Sitting on the panel were Viktor Zhora, the deputy chair of the State Service of Special Communications and Information Protection of Ukraine; Andrii Sharonov, first deputy chief of the Cyber Police Department, National Police of Ukraine; Illia Vitiuk, head of the Department of Cyber and Information Security, Security Sevice of Ukraine; and Nataliia Tkachuk, head of the Department for Information Security and Cybersecurity, National Security Cyber Coordination Center.
Immediately,Tkachuk set a defiant tone toward the aggressors and a thankful tone toward the U.S., which drew applause from the audience of law enforcement, academics, and cyber professionals.
“Thank you for standing with us in this terrible, unprecedented, and unjust war… I know you have feelings about this war the same as we do,” she said without looking at notes. “This work is not only about Ukraine, this war is not only about our independence or territorial integrity. This war is about the democratic values for all the world, about human rights, about international stability and security about respect for international law. We have no chance to lose and that’s why your support is very important to us.”
Tkachuk then outlined a brief history of cyber defense in Ukraine that was in its infancy in 2015 when the Russian military used a trojan hack named BlackEnergy, which led to widespread power outages in the country. Ironically, she thanked the Russians for that early attack because it led to the nation codifying cybersecurity into laws, policies, and institutions.
“We didn’t have the political will to adopt the cybersecurity strategy. Our top officials didn’t understand what was the role of cyber in the context of national security. Then BlackEnergy happened. Well, it took a few months and the strategy was adopted,” she said. “We started to create our national cybersecurity system and the main steps we directed to legal framework, technical capacities, human resources, international operations, and, of course, public-private partnerships.”
Vitiuk concurred that 2015 was a watershed moment that put Ukraine on war footing well before the Feb. 23 invasion. He added that a sequence of BlackEnergy attacks were also felt in more than 60 countries, not only Ukraine. He said the various sectors of the government, as well as the private sector, began a series of so-called attack rehearsals which helped develop the muscle memory needed for when unprecedented cyberattacks began full force just before the military invasion.
“The main thing was communication within the country between the institutions, between the authorities, between public-private partnerships, and communication with our [international]partners that helped us create this whole system and make it work.”
Sharonov said another key turnaround was that all the sectors began to budget for cybersecurity. In addition, the team from cyber police formed their international partnerships as far back as 2012, when many officers visited the United States for months at a time to develop the skill, knowledge, and ability to fend off cyberattacks.
On Jan. 20, an urgent meeting of the national security defense council was called to develop tactical steps to prepare for imminent attacks, said Tkachuk. By Feb. 7 a 24-hour response center was set up where all the main government stakeholders were present “day and night” to begin monitoring threats. She cited the preparedness and professionalism of the national police, in particular, with helping the team to put in place the critical infrastructure necessary to protect the nation from cyberattacks on critical infrastructure which began in earnest just days before the military invasion.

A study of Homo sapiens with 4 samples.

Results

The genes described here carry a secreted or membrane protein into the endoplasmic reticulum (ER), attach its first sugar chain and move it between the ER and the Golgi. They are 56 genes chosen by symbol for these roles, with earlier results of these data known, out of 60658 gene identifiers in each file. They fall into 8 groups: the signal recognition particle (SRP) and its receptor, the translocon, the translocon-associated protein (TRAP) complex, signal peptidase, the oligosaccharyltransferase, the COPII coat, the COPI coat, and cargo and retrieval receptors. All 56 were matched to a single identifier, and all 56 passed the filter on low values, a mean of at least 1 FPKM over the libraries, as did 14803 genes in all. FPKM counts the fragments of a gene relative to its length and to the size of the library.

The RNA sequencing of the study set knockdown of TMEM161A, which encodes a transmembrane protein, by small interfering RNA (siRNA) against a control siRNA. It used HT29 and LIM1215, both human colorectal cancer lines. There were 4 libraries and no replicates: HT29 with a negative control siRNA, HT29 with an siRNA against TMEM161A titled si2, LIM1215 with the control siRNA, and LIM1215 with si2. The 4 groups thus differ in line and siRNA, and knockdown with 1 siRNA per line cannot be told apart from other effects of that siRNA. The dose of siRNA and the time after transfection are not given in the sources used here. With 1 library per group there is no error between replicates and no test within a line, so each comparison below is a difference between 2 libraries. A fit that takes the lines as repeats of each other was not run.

“As you know, they didn’t get to do too much harm, not because the attacks were not sophisticated, but only because we were able to take the right steps in advance,” she said.
Just as Ukraine has received support in the form of military weapons over the past few months, it also has also gained a volunteer cyber army which the deputy chief said numbers around 200,000. Moderator Steve Hill, chief information security officer at Credit Suisse Bank, noted this has led to making Russia the most hacked country in the world today. Sharonov said that the national police accepted help from the volunteers to help block Russian propaganda on social media.
“Right now, we already blocked thousands ofchannels with almost 30 million people in Russia,” he said.
Hill noted that officials from the NSA in the U.S. have expressed concern about such volunteers, as they are not sanctioned nor trained by an official government, regardless of how good their intentions may be.
Sharonov concurred but said Ukraine simply doesn’t have the capacity to match the Russian aggression when it comes to hackers and Zhora dismissed any notion of a moral conundrum the volunteers might present.
“I want to highlight a serious difference between offensive actions of Russians and volunteers that help Ukraine: Russia is attacking an independent country in the 21st century while Ukraine is defending ourselves,” he said.
“This is the first global cyber war and we need to be united,” Zhora said.
He added that no country in the world can protect itself alone and that cybersecurity is not just about people, processes, and technology.
“It’s about collaboration, cooperation. It’s about exchanging knowledge, information, practices, and joint exercises that can contribute to the global cybersecurity ecosystem,” he said. “We need a cyber alliance against cyber aggression, a community of states … which help each other to protect themselves … and Ukraine wants to be an active participant of this community, and I’m confident we will.”